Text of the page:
The Washington Post is out with yet another Amity Shlaes piece today claiming that the New Deal was a big failure. I won’t analyze the piece itself, since I am not an economist, but I will revisit a piece she wrote last July, titled, auspiciously enough, “Phil Gramm Was Right”:
Consider what happened this week. While speaking with the Washington Times, Gramm said that the country was not in a true recession but a “mental recession.” He also said, “We have sort of become a nation of whiners” and “You just hear this constant whining, complaining about a loss of competitiveness, America in decline.”
Gramm was right about the recession and stood by his recession comments on Thursday. A recession is two consecutive quarters in which the economy shrinks, and last quarter it grew. But no matter. Voters feel they are in a recession, and so they are, at least according to Campaign Econ.
I wonder why voters thought we were in recession last July? Is it because they are ill-informed whiners? Oh, that’s right, it’s because we were in recession last July and had been been for seven months:
It took seven economists 11 months to decide what should seem obvious given all the foreclosures, bank failures and layoffs – the United States is officially mired in a recession.
Still, Monday’s declaration by the National Bureau of Economic Research that the economy has been in retreat since last December (2007) sent Wall Street into a bearish fit that knocked nearly 9 percent off the S&P 500 index.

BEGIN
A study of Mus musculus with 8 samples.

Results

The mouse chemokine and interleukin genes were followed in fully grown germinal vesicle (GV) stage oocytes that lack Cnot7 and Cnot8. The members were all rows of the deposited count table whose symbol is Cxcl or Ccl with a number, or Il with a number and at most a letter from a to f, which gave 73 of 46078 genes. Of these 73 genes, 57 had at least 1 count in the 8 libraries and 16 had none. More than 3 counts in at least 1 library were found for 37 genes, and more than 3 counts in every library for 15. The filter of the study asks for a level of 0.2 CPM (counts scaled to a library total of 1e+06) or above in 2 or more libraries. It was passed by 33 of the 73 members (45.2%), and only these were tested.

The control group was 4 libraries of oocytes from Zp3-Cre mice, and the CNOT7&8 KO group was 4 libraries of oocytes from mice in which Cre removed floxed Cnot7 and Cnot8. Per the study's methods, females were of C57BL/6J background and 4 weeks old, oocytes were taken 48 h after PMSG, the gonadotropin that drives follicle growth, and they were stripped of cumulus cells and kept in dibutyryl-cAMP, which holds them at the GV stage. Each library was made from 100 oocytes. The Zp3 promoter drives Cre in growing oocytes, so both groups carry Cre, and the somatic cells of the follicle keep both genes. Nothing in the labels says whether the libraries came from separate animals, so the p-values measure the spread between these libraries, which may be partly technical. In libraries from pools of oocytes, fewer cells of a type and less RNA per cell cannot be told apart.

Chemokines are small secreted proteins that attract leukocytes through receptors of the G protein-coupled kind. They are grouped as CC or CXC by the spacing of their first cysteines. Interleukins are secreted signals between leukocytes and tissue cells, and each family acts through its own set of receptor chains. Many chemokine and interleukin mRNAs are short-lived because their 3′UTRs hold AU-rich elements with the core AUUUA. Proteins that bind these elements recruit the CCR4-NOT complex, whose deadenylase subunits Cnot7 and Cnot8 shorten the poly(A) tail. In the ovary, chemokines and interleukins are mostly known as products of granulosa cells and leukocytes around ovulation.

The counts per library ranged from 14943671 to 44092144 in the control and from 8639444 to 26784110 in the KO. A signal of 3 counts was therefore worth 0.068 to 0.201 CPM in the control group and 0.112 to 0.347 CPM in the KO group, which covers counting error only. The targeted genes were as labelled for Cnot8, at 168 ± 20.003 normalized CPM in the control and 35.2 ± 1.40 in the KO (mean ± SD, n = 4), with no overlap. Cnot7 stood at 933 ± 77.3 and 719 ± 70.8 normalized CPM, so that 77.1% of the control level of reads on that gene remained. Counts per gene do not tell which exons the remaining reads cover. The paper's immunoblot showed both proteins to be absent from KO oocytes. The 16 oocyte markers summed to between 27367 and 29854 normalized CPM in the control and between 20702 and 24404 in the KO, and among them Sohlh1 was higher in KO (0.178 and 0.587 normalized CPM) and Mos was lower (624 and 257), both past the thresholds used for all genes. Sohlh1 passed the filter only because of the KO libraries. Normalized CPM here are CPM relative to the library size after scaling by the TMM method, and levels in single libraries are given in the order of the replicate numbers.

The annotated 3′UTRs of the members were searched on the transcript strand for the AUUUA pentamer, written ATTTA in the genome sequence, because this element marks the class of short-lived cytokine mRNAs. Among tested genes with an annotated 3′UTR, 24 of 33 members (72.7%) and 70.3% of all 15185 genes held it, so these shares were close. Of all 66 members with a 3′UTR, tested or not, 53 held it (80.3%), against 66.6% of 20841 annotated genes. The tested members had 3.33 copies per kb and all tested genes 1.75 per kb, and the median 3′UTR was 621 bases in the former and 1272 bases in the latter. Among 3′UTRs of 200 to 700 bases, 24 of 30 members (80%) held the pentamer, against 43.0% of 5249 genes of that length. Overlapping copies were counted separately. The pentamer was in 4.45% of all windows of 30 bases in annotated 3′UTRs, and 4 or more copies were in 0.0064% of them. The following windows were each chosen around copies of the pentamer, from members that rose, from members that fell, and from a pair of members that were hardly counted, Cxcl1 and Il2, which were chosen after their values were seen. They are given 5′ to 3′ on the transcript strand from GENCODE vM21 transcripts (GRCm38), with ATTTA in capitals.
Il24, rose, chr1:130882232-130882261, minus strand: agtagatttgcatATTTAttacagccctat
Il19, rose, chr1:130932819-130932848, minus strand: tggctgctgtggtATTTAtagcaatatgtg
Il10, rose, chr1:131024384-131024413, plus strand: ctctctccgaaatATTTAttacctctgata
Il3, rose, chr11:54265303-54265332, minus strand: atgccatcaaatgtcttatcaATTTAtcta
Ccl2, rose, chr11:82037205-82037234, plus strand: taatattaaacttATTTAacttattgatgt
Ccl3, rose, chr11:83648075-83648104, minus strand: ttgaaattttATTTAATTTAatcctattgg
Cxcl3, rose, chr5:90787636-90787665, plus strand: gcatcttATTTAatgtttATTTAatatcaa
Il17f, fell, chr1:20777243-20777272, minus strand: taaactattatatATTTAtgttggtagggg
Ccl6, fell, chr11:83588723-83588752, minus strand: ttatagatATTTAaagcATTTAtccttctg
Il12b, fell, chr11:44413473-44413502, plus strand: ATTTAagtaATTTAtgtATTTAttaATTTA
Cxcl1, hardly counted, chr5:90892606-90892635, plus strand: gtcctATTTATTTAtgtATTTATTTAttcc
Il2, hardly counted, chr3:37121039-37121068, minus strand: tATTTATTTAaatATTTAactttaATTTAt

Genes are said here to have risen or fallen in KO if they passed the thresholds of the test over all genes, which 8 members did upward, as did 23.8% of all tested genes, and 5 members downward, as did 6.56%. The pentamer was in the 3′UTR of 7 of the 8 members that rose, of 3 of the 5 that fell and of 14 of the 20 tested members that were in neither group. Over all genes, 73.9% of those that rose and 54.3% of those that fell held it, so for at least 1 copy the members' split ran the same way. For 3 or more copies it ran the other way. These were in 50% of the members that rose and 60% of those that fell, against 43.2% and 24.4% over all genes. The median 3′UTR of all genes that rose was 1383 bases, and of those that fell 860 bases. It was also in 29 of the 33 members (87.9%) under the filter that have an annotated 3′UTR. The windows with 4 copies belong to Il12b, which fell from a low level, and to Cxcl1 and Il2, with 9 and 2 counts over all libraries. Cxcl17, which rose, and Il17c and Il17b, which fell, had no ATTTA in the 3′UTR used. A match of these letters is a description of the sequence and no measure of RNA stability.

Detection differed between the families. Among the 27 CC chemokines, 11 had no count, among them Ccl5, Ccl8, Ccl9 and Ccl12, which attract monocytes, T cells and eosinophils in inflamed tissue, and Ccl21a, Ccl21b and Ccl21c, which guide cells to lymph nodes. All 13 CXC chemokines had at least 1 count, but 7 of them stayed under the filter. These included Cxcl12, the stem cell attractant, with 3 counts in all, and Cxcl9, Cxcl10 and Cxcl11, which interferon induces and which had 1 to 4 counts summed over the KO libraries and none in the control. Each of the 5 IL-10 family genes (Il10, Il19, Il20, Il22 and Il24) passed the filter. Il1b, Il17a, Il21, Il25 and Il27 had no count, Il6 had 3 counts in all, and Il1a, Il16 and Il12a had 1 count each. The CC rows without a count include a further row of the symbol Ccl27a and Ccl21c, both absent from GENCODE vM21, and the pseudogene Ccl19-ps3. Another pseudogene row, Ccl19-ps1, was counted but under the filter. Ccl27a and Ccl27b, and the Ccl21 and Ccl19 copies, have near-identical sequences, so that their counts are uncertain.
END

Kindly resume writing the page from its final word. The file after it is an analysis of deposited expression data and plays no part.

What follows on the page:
The pronouncement by a committee of academics led by Stanford economist Robert Hall should have come as no surprise.
“We’ve been saying the economy has been in recession for months now,” said economist Brian Bethune of IHS Global Insight, a Boston consulting firm.
Obviously, no one could have anticipated that we were in a recession this summer, no one other than 71% of economists surveyed in March 2008, anyway.
Why on earth does the Washington Post see fit to publish a pseudo-economist who was completely wrong about the big economic issue of the year? It’s probably the same reason, of course, that they exclusively (except for Meyerson) publish columnists who were completely wrong about the Iraq war. Or maybe it’s just because Fred Hiatt is such an influential liberal.